How China Studies started in the Dutch East Indies
Leiden has the most highly regarded China Studies programme in Europe. But how did this knowledge find its way specifically to Leiden? For his PhD research Koos Kuiper delved into the unique history of the start of this unique programme.
Leiden University has traditionally been the seat of knowledge about Asia. Every year many students graduate here in the languages and cultures of China, Japan and Korea.
But how did this knowledge come to Leiden? To find the answer we have to go back to the Dutch East Indies, Koos Kuiper explains. His PhD defence on 16 February is based on an extensive archive and literature study of the early Dutch sinologists - or China experts.
As early as the colonial period, hundreds of thousands of Chinese people lived in the Dutch East Indies. They played an important role in the economy and indirectly swelled the koffers of the Dutch treasury. This also earned them some privileges. For example, the Chinese were to a certain degree governed by their own elders, and the Chinese council was responsible for registering marriages and funerals, and also dealt with minor civil and penal cases among the Chinese inhabitants.
Supervising the community
However, there was one problem: until the mid-nineteenth century there was not a single European who could speak adequate Chinese. This made it more difficult for the colonizers to supervise the Chinese community.
This changed in 1855 when the then Minister of the Interior appointed the German Johann Joseph Hoffmann as titular professor of Japanese and Chinese. Hoffman, who came to Leiden in 1830 as assistant to the famous Japan expert Philipp Franz von Siebold, was asked to set up a programme to train the Indonesian officials as interpreters and translators of Chinese.
The first interpreters and translators started their training in 1854. After a preparatory period in Leiden, they left for China to learn the southern dialects that were spoken in the Dutch East Indies. It was very much a matter of trial and error, as was clear when the first two interpreters arrived in the Dutch East Indies in 1860 following an intensive period of training: it soon became apparent that they had learned the wrong Chinese dialect.
Between 1854 and 1900, 24 interpreters were trained. On arrival in the Dutch East Indies they were immersed in the world of the Chinese communities. They reported on secret societies and rituals that were previously almost completely unknown, providing valuable information for the colonial authorities. They also advised the law courts on Chinese customs, examined Chinese accounts books relating to bankruptcies and inheritances and translated Dutch legislation into Chinese.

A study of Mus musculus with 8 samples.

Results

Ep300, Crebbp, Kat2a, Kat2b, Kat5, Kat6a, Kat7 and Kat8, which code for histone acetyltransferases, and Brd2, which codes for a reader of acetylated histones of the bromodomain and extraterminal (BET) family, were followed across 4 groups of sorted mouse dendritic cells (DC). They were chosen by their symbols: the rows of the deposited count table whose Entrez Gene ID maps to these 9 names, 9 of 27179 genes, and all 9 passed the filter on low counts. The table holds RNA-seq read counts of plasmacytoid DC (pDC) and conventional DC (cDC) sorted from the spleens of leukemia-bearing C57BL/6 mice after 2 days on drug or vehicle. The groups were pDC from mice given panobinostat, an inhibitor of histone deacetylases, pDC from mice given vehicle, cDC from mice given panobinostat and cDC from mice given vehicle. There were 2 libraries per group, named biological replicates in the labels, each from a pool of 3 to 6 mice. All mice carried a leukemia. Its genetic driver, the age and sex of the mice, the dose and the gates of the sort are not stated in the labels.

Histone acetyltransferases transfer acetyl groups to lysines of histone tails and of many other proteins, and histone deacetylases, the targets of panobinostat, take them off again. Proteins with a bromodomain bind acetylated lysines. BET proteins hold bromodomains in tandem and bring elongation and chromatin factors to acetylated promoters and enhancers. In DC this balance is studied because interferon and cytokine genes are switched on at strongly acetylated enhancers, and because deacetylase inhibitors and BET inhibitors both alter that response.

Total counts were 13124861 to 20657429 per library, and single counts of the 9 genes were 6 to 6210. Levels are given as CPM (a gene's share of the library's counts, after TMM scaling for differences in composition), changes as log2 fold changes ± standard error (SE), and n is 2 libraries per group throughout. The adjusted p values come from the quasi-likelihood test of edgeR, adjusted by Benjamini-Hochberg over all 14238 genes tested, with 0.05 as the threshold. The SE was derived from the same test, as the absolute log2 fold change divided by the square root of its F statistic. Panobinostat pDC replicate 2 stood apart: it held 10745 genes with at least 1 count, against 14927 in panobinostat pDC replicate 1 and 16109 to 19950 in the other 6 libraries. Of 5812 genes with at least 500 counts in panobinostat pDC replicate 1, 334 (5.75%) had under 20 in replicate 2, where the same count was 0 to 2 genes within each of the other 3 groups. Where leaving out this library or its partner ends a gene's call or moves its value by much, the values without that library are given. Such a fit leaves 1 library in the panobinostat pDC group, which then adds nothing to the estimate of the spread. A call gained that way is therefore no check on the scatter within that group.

Mission accomplished, you might think. However, in practice it was not so cut and dried, Kuiper explains. There was less interpreting and translating work than expected, and because the translators came to know the Chinese community through and through, they at times gave a different, more positive image of the Chinese than was usual for the time. And in many instances they stood up for the Chinese. As a result, the colonial government officials considered them too contrary and so made little use of the interpreters. In the words of Kuiper: ‘The interpreters were balancing between East and West.'
Profile of an interpreter
Jan Francken (Leiden, 1838) was one of the most promising young sinologists. The son of a bookseller, Francken started to study Chinese even before he had finished high school. At the age of 19 he joined the colonial service and departed for China in 1857 to master the language. In 1862 he was appointed as an interpreter in Surabaya, Java. Two years, the young man fell victim to dysentry. He was buried on 8 February 1864, during the Chinese new year. He was just 25 years old. Two weeks later a large group of Chinese people held a memorial service at his grave. One of the attendees read an inspiring eulogy, clearly expressing the enormous respect that the Chinese community had for the young man.